Mechanistic Insights into Late Transition Metal-Catalyzed Olefin Hydrosilylation and Synthesis of New N-Heterocyclic Carbene and Dinuclear Complexes
97 Seiten, Dissertation Technische Universität München (2016), Softcover, A5
The presented dissertation focuses on mechanistic studies of late transition metal-catalyzed hydrosilylation of olefins and the synthesis and characterization of new N-heterocyclic carbene (NHC) as well as dinuclear complexes.
The first part of this work is dedicated to the hydrosilylation of olefins, which remains one of the most important industrial processes in homogeneous catalysis. Despite the fact that the first platinum-catalyzed protocol was reported in 1957 and the still widely accepted mechanism was established just a few years later, developing a comprehensive mechanistic understanding has been arduous. Therefore, a detailed study of platinum-catalyzed olefin hydrosilylation is presented and a revised Chalk-Harrod mechanism is proposed, in which the rate determining step is reassigned, the addition of isomerization pathways for internal olefins is proposed, and a connection of coordination strength of the olefin and the rate law is derived. An additional study focuses on the iridium-catalyzed hydrosilylation of allyl compounds, which also remains a current challenge in hydrosilylation catalysis. The in-depth investigation reveals the main catalyst deactivation pathways and a fundamental mechanistic picture is deduced.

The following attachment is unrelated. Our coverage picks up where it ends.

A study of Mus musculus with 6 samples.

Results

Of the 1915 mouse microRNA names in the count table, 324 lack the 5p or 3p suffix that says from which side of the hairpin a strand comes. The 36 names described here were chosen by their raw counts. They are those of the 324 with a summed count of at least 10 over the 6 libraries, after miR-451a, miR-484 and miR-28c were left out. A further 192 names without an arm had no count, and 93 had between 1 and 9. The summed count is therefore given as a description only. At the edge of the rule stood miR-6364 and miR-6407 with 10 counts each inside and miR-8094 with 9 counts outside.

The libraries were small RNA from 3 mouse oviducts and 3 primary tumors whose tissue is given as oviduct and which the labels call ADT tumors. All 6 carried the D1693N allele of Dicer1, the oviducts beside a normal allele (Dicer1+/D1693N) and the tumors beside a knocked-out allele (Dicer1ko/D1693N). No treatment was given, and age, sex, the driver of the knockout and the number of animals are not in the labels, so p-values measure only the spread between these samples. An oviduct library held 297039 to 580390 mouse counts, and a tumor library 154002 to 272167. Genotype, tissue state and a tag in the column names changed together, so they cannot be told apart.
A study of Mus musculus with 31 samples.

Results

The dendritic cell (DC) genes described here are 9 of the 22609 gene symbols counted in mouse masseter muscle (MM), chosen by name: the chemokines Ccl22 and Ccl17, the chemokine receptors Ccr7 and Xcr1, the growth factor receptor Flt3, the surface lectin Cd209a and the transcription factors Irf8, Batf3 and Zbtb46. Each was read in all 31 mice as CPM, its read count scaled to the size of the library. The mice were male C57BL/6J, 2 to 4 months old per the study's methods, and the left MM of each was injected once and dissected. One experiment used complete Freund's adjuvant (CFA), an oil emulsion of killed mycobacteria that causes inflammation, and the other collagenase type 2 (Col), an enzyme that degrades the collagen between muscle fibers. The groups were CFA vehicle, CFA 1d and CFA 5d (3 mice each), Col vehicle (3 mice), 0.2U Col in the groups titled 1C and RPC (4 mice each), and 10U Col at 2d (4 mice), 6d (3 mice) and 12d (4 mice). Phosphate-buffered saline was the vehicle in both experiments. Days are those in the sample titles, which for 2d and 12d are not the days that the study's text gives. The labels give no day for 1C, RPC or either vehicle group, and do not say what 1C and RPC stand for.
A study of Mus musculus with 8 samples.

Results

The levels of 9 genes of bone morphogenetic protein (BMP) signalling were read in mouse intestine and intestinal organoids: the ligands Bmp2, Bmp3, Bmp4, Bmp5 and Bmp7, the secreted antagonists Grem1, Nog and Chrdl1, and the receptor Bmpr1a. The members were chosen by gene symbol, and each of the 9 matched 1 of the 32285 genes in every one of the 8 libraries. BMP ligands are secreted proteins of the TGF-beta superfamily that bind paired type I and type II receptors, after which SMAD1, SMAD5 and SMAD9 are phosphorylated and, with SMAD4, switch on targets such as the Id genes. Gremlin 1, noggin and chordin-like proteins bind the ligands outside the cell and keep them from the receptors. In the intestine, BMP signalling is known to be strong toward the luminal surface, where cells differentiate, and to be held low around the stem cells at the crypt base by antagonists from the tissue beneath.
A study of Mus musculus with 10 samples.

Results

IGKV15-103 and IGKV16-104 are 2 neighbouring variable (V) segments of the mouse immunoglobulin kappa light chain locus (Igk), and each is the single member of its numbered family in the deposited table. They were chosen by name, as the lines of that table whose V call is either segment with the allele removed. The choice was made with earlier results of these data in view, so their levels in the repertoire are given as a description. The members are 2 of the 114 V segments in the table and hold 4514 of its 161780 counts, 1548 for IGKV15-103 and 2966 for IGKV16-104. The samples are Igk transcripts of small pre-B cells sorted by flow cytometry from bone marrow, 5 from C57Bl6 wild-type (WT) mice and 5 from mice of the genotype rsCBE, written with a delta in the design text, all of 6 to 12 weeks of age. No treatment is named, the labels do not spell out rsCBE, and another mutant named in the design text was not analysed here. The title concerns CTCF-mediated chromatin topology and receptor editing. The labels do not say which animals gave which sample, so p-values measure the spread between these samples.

Since N-heterocyclic carbenes have risen to one of the most important ligand classes in organometallic chemistry, the second part of this thesis is devoted to the synthesis and application of NHC complexes, ranging from hemilabile ligands in iridium complexes applicable in catalytic transfer hydrogenation, to water-soluble palladium compounds for cross-coupling reactions in aqueous media, and phenyl-annulated motifs on platinum in catalytic hydrosilylation.
Achievements in the synthesis of metal-metal-bonded compounds over the past decades have triggered research on establishing applications in many areas from molecular electronics to catalysis and even biology. Therefore, the final contributions of this dissertation are centered on accessing dinuclear complexes and characterizing them with a wide variety of spectroscopic techniques, X-ray crystallography, as well as electrochemical and computational methods. Also the nature of potential metal-metal interactions in the obtained diiridium, dimolybdenum, and dicopper complexes is investigated.